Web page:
Today’s review: Looking for Alaska
Author: John Green
Publisher: HarperCollins Children’s Books
Number of pages: 268
Genre: Fiction/ Young Adult/ Romance/ Contemporary
Blurb courtesy of Goodreads.com
Before. Miles “Pudge” Halter’s whole existence has been one big nonevent, and his obsession with famous last words has only made him crave the “Great Perhaps” (François Rabelais, poet) even more. He heads off to the sometimes crazy, possibly unstable, and anything-but-boring world of Culver Creek Boarding School, and his life becomes the opposite of safe. Because down the hall is Alaska Young. The gorgeous, clever, funny, sexy, self-destructive, screwed-up, and utterly fascinating Alaska Young, who is an event unto herself. She pulls Pudge into her world, launches him into the Great Perhaps, and steals his heart.
After. Nothing is ever the same.
I’ve finally done it, lads. I’ve finally read a John Green novel!
It’s not that I was putting it off or anything, I’ve just never gotten around to it until now.
So without further ado, here’s my review! (ehehe that rhymed)
Looking for Alaska follows the socially awkward, utterly adorkable Miles Halter as he begins life at Culver Creek Boarding School. Miles, nicknamed “Pudge” by his new roommate Chip “The Colonel” Martin, has been searching all his life for a “Great Perhaps”; the chance to experience something wonderful in his life that he was clearly never going to achieve whilst stuck in public school with “the ragtag bunch of drama people and English geeks I sat with by social necessity”. Little did Pudge realise that his decision to move schools would change his life in drastic ways.
I really loved this book. For me, it was a breath of fresh air, because I have been tackling George R. R. Martin’s A Song of Ice and Fire series for a number of weeks now (I’m up to A Feast for Crows but unfortunately, no reviews as too much has happened and there are too many spoilers). It was good to go back to a smaller, more manageable book to break up the constant stream of events being dumped on me by the ASoIaF series.
Now, to characters.
I really liked Pudge as the narrator of this story. He had a sort of witty, sarcastic humour that allowed me to be pulled into his character and allowed me to connect with him (I have a similar sense of humour, ask anyone). He was a very observant narrator, if a little subjective with some of his points of view, such as with the sort-of-antagonists, the Weekday Warriors (essentially the stuck-up rich kids of the school). Whilst kudos to his thoughtful, whimsical narration, there was something about his narration that I wasn’t very impressed with: the numerous observations of the extensive circumference of Alaska’s breasts. I mean, once or twice would have suited, but I read the same thing too many times for my liking. I suppose I have to keep in mind that this book is written from the perspective of a teenage boy, but I thought Pudge would have had a bit more discretion than that.
The Colonel I think was hands-down my favourite character. Some of his lines were the funniest I’ve ever read and on some occasions, he actually made me laugh out loud; something that only two other books have ever made me do before (those being Derek Landy’s Skulduggery Pleasant, and Nick Griffiths’ memoir, Dalek, I Loved You). On Pudge’s first meeting with him, I thought that his relationship with the Colonel would be a difficult one; the way Pudge described him made him sound like one of your stereotypical fluffhead jocks, but he turned out to be significantly different to that. He brought a great comedy relief, and Green also managed to give him a loveable, real character.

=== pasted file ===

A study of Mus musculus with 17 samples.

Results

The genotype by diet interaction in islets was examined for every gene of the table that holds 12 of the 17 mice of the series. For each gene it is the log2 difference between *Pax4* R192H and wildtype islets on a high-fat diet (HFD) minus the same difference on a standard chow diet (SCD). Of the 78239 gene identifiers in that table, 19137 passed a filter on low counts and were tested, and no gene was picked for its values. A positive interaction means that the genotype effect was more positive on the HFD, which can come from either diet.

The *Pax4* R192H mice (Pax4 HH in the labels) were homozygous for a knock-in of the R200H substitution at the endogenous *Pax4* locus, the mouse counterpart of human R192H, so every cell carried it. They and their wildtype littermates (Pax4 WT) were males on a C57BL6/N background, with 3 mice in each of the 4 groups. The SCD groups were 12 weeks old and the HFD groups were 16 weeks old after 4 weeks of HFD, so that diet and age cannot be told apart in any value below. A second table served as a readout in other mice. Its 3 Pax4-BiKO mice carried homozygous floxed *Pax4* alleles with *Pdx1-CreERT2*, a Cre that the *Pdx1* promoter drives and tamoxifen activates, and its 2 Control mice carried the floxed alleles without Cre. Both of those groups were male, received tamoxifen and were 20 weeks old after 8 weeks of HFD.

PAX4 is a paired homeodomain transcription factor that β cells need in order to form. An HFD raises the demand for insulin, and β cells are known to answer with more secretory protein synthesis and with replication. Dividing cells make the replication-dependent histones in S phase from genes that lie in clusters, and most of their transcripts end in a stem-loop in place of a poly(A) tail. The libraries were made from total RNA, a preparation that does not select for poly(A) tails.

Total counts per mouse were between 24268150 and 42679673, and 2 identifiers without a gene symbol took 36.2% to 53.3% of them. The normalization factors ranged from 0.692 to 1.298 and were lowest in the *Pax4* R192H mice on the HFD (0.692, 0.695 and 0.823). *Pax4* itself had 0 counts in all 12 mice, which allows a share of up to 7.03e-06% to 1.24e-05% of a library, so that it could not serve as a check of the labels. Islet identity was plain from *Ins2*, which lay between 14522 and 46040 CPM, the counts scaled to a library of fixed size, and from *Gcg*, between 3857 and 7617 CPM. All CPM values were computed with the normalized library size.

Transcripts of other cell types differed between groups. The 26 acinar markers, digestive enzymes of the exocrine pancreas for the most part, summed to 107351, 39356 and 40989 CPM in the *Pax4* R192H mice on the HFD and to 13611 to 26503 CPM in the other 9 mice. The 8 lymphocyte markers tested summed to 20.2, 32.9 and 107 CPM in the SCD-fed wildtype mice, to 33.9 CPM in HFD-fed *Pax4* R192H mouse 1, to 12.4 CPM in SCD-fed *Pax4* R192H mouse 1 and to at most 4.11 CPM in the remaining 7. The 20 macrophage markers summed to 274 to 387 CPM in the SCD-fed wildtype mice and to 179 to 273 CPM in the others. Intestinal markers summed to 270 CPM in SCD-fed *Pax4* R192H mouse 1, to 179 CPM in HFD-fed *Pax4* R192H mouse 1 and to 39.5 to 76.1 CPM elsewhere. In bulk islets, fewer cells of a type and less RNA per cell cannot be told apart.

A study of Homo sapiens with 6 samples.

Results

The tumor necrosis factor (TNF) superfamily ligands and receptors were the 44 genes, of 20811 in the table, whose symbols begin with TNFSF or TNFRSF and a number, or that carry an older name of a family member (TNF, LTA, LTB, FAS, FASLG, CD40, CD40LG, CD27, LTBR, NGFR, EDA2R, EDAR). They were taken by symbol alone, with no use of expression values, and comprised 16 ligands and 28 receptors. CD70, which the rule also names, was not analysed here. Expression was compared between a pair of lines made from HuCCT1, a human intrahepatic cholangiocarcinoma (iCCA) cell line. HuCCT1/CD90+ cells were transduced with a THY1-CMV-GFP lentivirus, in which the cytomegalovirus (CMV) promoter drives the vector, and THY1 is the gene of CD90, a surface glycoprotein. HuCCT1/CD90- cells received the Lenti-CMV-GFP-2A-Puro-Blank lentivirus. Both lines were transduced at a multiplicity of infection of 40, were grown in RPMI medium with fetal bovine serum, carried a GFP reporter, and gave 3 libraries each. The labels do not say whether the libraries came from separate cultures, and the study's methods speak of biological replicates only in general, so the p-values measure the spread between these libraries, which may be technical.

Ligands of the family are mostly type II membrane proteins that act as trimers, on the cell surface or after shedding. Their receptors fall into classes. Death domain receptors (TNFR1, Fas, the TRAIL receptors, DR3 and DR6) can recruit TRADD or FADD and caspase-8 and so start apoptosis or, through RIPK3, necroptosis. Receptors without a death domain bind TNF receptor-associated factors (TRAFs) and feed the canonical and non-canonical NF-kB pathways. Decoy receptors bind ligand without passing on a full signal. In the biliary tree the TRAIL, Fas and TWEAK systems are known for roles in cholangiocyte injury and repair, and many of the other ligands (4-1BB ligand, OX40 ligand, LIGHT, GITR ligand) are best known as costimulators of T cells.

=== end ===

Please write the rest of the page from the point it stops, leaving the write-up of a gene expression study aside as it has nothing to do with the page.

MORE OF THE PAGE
I loved the complexity of Alaska Young. I loved how she was so changeable, and how she was as unpredictable as the weather. Alaska was a deeply flawed character with a shocking backstory, her delivery of which really drew me to loving her. Her feisty feminist attitude coupled with her morbid humour made for interesting reading as she played off of the other main characters. There were some moments however, when I felt completely detached from her. I felt some animosity to her two-faced nature and, although it’s resolved as to why she is like this later in the book, I didn’t feel that it was necessary to distance herself from the only people who understood her in the way that she did. I did also find her a bit over-the-top in the drama department, but perhaps that was her way of masking her true emotions.
I did have high expectations for this novel due to the constant John Green hype that seems to have dominated the internet, and I have to say I was not disappointed. Looking for Alaska was beautifully told through Pudge’s narration, with a great deal of superbly poetic lines, one of my particular favourites being a quote read by Pudge from W.H. Auden’s poem As I Walked Out One Evening, “You shall love your crooked neighbor/ With all your crooked heart“. I liked the novel’s concept of finding one’s place in a bigger, scarier world where nothing is as it seems, and Alaska’s focussed perception of life as the Labyrinth in Gabriel Garcia Marquez’s The General in his Labyrinth.
Overall, I was quite impressed by Looking for Alaska, and I’m not afraid to admit that I cried on four separate occasions throughout, then spent a good ten minutes sobbing quietly after I finished reading it. I won’t say why though, you’ll just have to find out for yourself. Reading this has really given me a taste for John Green’s writing, and I’m definitely going to be reading more. In fact, I just bought The Fault in Our Stars today (on sale because the movie came out the other day), and I’m going to start it after I finish the current book I’m reading.